COLUMBIA, S.C. — A South Carolina lawmaker who doubles as an attorney for the family of a police shooting victim is offering solutions to what advocates call “predatory policing” policies, which pressure officers to generate revenue by ticketing citizens for minor offenses.
Rep. Justin Bamberg wants to prohibit law enforcement agencies in the state from setting traffic ticket quotas, or evaluating officers by the number of citations they write. A companion bill would prohibit cities and counties from approving budgets that depend on future revenue from traffic fines.
“It puts pressure on officers to go out and stop people for ridiculous stuff or things they normally wouldn’t. It puts officers in a difficult position,” said Bamberg, who filed the bills for the session starting Tuesday. “It also makes citizens feel like they’re being harassed or stopped for petty things.”
Bamberg, a Democrat, also represents the family of Walter Scott, the black man who was shot repeatedly in the back last year as he ran from North Charleston officer Michael Slager, now charged with his murder.
That fatal encounter never would have happened if public institutions in South Carolina didn’t count on funding from fines and fees, advocates say.
Scott’s family says he likely fled because he feared going to jail for unpaid child support. Slager’s lawyer, Andy Savage, said the fired officer never would have pulled Scott over for a broken third brake light if not for a police quota system that he claimed required officers to stop three drivers a day.
Police in North Charleston have denied imposing any quotas, and other law enforcement leaders say they don’t exist.
“I know there’s a perception that there are quotas, but we don’t have quotas,” said Greer Police Chief Dan Reynolds, a past president of the state Police Chiefs Association. “I’ve never gotten pressure to write tickets from anybody, and if I did, I’d ignore it.”
But the problem remains serious enough nationwide to be addressed by President Obama’s Task Force on 21st Century Policing, formed to rebuild trust after the riots in Ferguson, Missouri.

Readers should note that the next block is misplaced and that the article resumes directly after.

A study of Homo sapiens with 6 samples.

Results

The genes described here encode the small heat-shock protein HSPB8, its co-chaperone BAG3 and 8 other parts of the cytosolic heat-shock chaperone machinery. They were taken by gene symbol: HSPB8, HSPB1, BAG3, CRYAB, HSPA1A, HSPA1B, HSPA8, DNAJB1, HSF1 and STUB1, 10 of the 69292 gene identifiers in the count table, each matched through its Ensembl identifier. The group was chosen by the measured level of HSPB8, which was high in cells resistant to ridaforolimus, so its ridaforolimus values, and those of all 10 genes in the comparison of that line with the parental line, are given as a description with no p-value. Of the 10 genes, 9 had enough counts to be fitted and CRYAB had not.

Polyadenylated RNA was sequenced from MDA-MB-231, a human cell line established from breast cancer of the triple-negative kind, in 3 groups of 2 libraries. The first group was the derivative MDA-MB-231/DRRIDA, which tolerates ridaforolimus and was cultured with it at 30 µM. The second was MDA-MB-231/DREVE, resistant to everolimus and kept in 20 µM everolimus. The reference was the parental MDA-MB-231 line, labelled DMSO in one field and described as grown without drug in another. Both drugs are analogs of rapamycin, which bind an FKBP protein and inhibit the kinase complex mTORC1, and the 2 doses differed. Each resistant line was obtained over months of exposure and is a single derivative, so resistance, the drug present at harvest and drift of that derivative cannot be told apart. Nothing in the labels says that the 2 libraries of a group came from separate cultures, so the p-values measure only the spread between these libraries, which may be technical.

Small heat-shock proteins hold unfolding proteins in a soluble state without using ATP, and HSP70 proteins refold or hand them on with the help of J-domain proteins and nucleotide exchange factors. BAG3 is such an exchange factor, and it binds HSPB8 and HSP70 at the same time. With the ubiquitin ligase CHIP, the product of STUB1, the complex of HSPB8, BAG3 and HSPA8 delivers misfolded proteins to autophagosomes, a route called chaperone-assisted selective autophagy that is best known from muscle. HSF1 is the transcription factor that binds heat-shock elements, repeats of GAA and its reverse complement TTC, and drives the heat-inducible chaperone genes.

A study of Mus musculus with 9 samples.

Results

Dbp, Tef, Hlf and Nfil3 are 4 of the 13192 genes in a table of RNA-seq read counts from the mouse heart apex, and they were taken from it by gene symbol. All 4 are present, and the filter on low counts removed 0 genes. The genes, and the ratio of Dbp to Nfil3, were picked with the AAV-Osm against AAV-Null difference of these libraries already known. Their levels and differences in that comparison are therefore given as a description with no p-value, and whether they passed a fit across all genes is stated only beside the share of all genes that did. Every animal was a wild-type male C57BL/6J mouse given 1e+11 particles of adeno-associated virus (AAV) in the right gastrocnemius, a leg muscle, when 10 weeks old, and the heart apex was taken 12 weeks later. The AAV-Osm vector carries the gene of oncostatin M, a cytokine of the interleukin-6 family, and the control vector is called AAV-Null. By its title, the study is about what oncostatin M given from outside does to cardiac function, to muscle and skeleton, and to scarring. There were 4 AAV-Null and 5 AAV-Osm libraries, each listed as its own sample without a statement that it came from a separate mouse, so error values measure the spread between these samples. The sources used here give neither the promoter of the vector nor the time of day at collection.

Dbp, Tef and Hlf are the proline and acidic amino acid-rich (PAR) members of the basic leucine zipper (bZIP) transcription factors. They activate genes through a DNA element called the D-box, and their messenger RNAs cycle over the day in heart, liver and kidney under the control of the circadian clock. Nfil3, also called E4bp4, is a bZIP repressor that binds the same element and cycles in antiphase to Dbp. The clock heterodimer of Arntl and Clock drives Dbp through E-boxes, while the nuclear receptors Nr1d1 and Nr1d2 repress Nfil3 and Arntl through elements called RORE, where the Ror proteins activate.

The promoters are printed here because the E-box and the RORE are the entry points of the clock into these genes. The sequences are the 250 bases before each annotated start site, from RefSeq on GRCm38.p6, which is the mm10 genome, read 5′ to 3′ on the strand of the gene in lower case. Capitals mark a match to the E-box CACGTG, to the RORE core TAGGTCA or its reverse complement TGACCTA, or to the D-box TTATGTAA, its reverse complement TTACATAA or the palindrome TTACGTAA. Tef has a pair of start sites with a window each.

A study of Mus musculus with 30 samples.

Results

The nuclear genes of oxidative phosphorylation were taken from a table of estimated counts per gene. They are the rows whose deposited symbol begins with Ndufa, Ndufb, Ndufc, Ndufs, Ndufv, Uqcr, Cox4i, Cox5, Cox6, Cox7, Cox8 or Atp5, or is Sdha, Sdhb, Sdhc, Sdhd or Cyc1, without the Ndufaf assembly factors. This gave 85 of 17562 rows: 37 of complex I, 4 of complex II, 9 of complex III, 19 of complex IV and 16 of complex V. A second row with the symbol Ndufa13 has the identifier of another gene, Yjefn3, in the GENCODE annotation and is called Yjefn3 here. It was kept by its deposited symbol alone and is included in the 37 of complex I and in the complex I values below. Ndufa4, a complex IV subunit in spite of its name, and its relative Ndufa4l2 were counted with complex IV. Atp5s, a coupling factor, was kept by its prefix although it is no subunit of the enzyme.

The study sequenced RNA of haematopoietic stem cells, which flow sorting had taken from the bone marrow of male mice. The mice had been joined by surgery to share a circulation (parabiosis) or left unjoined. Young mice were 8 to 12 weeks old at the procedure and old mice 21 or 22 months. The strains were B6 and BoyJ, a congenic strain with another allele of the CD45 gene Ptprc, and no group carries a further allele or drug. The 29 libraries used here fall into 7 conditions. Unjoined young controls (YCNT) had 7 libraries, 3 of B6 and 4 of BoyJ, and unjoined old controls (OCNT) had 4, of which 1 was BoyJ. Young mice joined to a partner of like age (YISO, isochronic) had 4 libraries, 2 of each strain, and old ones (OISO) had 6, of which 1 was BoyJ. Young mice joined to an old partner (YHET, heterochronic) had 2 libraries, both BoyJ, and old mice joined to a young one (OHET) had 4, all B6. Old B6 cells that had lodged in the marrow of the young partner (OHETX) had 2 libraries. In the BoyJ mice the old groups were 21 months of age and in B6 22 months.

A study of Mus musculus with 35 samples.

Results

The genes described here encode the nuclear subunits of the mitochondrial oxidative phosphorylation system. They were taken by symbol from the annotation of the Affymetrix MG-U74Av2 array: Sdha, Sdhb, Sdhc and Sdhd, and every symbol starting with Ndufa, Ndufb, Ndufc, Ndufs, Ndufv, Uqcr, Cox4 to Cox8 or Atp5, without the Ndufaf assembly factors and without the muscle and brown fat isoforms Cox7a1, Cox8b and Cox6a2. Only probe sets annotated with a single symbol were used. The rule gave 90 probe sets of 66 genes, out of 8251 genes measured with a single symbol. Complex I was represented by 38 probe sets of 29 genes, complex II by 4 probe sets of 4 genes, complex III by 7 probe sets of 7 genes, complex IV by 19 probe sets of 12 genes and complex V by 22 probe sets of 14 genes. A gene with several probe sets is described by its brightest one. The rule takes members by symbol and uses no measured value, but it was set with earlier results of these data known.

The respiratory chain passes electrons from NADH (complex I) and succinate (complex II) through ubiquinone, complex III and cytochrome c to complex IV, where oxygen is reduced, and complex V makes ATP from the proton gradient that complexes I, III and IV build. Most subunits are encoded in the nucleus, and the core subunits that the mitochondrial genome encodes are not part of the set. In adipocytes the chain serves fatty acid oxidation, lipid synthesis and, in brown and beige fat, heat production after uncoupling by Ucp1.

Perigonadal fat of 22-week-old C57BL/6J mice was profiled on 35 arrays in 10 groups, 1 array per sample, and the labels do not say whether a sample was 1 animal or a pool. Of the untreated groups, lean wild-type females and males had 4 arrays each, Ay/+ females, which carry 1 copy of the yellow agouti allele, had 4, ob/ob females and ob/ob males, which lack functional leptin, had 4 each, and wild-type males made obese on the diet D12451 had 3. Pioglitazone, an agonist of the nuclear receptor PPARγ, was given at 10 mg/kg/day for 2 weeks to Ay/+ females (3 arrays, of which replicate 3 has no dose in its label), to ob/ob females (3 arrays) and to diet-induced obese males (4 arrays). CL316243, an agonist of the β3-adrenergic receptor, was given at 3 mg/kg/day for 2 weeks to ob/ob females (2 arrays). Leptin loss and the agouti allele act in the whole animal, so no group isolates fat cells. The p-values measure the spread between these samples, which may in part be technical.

The task force recommended that police and governments should not require “officers to issue a predetermined number of tickets, citations, arrests, or summonses, or to initiate investigative contacts with citizens for reasons not directly related to improving public safety, such as generating revenue.”
Reynolds says his town doesn’t depend on ticket revenue, and “most goes to the state anyway.”
That’s because South Carolina’s courts and police training academy are funded through fines and fees. A driver stopped for speeding through a municipality will actually pay $133.75 on a $50 ticket, due to state surcharges, including a $5 surcharge that goes exclusively to police training.
“The state lets us know when tickets are down,” Reynolds said, but he insists there’s no pressure to write tickets.
“It’s just sad they have to rely on ticket revenue. They shouldn’t have to. It’s a government function,” he said.
Geoffrey Alpert, a policing expert at the University of South Carolina, said he hasn’t seen “hard quotas” since racial profiling got agencies nationwide in trouble in the 1990s, but he said some agencies still pressure officers to write tickets.
Alec Karakatsanis, a civil rights attorney with Washington-based Equal Justice Under Law advocacy organization, said there have been too few outside investigations to gauge the problem.
“Even when you don’t have formal quotas, there’s an understanding often among people who work in the system that their job performance and rating is based on the amount of business they bring in,” Karakatsanis said.
Smaller, more rural towns typically rely more on tickets for their budgets than bigger government agencies, Bamberg said.
In North, a town of about 800 south of Columbia, the entire police force (a chief and two officers) quit after claiming that the newly elected mayor wanted them to triple their ticket writing. Mayor Patty Carson declined to comment for this story.
At the county level, traffic fines are a drop in the bucket, said Kershaw County Finance Director Vic Carpenter. The $160,000 his county budgeted for collections this fiscal year would cover less than 4 percent of what it takes to run its sheriff’s office, he added.
Still, Bamberg’s bill would create a one-year budget hole because it would require municipalities to wait to spend revenue collected in fines until the next fiscal year.
Using police and courts to generate revenue, rather than raising taxes, is a “scary trend” nationwide, said Karakatsanis.
“This preys on the most vulnerable people,” Karakatsanis said in a phone interview from Ferguson, where he represents people jailed in what his group calls a modern-day “debtors’ prison” for failing to pay fines for minor offenses.
Bamberg, the son of longtime law enforcement officers, said his bills aim to restore trust.
“This is not an attack on law enforcement,” said the 28-year-old freshman legislator. “I want community and law enforcement to have a good relationship.”